NoCalgaryOlympics have claimed Calgary 2026 have failed to meet commitments over the November plebiscite ©NoCalgaryOlympics

NoCalgaryOlympics have accused Calgary 2026 of failing to meet commitments prior to November’s plebiscite, claiming they have not provided full information on the plan and costs.

The group have also alleged the commitment to providing a robust community engagement from June by the City Council has not been met.

Calgary 2026 outlined their proposal publicly earlier this month, with the Bid Committee asserting the Games would cost CAD$5.3 billion (£3.1 billion/$4 billion/€3.5 billion).

This would include CAD$3 billion (£1.8 billion/$2.3 billion/€2 billion) of city, provincial and federal funding.

An indoor venue for figure skating and short track speed skating and a mid-size arena to seat between 5,000 and 6,000 people were cited as the only two new facilities which would need to be constructed.

A confirmed venue for curling was not included in the proposals, which has led to criticism from NoCalgaryOlympics.

The group claim it was referred to as a draft within a day of the plan being unveiled.

The absence of a curling venue has also been criticised, with discussions over a new National Hockey League venue having since been mooted by some councillors.

NoCalgaryOlympics insist that the public cannot be asked to vote on a draft plan, claiming a “real plan” is required.

A further claim was that the Calgary City Council have acknowledged their most recent briefing revealed additional City costs left out of the bid plan, while adding some Councillors are suggesting there could be further costs related to the remediation of land.

The group have requested the public call for Calgary 2026 to be “required to detail the actual plan with full costs, cost sharing commitments, cost overrun coverage and plans, and detailed venue plans by October 13”.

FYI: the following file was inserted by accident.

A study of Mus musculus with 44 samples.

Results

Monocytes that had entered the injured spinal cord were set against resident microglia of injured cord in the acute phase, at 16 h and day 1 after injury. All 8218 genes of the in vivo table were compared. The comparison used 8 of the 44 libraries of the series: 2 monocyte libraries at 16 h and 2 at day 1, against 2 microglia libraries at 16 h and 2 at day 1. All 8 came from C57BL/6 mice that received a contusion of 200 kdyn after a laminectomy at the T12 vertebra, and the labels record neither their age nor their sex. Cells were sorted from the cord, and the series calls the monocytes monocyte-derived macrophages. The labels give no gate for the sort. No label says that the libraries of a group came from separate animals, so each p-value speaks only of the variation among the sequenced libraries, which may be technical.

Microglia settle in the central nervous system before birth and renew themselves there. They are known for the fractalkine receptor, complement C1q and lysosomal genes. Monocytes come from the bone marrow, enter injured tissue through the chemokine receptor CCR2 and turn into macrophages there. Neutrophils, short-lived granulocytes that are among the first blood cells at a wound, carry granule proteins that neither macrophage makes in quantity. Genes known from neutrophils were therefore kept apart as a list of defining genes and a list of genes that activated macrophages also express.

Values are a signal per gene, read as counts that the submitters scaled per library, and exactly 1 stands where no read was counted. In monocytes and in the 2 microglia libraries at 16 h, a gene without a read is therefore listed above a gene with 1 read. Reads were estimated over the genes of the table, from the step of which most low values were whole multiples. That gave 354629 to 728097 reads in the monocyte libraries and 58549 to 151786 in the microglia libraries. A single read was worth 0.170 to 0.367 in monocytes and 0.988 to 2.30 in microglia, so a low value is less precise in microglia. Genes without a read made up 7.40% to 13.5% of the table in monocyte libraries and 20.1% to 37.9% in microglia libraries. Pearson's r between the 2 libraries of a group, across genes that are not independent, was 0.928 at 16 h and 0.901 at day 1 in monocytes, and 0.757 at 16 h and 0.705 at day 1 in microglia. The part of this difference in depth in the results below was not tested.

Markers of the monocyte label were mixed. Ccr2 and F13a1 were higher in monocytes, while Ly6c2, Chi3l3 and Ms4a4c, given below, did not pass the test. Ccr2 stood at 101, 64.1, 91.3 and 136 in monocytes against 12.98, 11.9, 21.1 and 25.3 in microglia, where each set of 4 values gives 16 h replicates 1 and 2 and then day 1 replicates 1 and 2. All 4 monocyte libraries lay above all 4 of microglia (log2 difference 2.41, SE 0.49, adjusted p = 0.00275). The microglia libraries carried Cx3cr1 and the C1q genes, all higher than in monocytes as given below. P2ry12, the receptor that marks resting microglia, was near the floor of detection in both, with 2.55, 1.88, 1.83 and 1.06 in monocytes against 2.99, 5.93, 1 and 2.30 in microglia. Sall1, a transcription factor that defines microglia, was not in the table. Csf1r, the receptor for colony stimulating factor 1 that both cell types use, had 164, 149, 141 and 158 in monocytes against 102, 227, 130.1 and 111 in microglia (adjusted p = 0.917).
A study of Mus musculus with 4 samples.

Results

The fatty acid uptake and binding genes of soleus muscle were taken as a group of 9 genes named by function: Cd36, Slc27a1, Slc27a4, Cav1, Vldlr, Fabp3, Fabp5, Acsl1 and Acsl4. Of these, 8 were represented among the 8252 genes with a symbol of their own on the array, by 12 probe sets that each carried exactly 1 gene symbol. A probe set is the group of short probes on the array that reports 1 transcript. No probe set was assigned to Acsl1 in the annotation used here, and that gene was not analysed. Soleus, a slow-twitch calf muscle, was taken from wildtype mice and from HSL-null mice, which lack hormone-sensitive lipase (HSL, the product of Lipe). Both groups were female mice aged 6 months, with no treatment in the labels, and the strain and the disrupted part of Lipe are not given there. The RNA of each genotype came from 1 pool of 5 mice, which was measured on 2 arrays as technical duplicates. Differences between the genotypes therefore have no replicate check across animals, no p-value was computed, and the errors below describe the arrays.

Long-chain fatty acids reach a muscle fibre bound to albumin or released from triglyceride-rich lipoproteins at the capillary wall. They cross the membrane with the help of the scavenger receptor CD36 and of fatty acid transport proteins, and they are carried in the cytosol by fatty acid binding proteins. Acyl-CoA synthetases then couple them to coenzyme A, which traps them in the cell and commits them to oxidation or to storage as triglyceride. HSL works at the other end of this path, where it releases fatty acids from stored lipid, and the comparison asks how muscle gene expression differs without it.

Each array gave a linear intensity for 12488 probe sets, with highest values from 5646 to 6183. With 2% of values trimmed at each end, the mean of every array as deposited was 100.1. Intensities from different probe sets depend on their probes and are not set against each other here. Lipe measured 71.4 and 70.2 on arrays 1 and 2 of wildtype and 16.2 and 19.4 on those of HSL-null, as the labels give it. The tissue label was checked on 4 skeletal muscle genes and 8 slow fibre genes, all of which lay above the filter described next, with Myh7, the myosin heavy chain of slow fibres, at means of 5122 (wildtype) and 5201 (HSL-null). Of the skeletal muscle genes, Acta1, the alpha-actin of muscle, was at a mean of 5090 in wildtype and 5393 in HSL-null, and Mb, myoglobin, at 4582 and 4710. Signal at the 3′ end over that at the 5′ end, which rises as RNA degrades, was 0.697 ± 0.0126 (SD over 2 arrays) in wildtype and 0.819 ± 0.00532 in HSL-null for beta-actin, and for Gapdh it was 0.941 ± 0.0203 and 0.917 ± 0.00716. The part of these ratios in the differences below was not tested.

They claim “disclosure must include additional projects and costs that may not be technically required for the bid, but would be used in hosting the Olympics” and have urged the Bid Committee to produce this by the same date.

Further demands include the Calgary City Council being required to “provide a report to Calgarians by October 13 that reconciles the Calgary 2026 bid plan to the five principles that City Council unanimously agreed must be met to continue with a Bid process”, including stating residents would not be required to cover cost overruns.

They also want the City Council to report on the "impact on the four-year budget of the Calgary 2026 bid plan and disclose this to Calgarians".

NoCalgaryOlympics claim this should include details on operating costs, capital investments, impact on property taxes and impact on debt.

They argue the current budget is not scheduled to be presented until the day after the plebiscite.

NoCalgaryOlympics say this goes against the Alberta Government’s criteria for information provision to Calgarians, which promised that their funding requirement ensured the public had full information about the plan and costs 30 days prior to the vote.

The campaign group claim to have written a letter to Olympic Oversight Committee chair, Councillor Evan Woolley.

The letter requests their four demands be met in order to adhere to the Alberta Government requirements and provide “good faith" to residents.

The plebiscite is set to take place on November 13.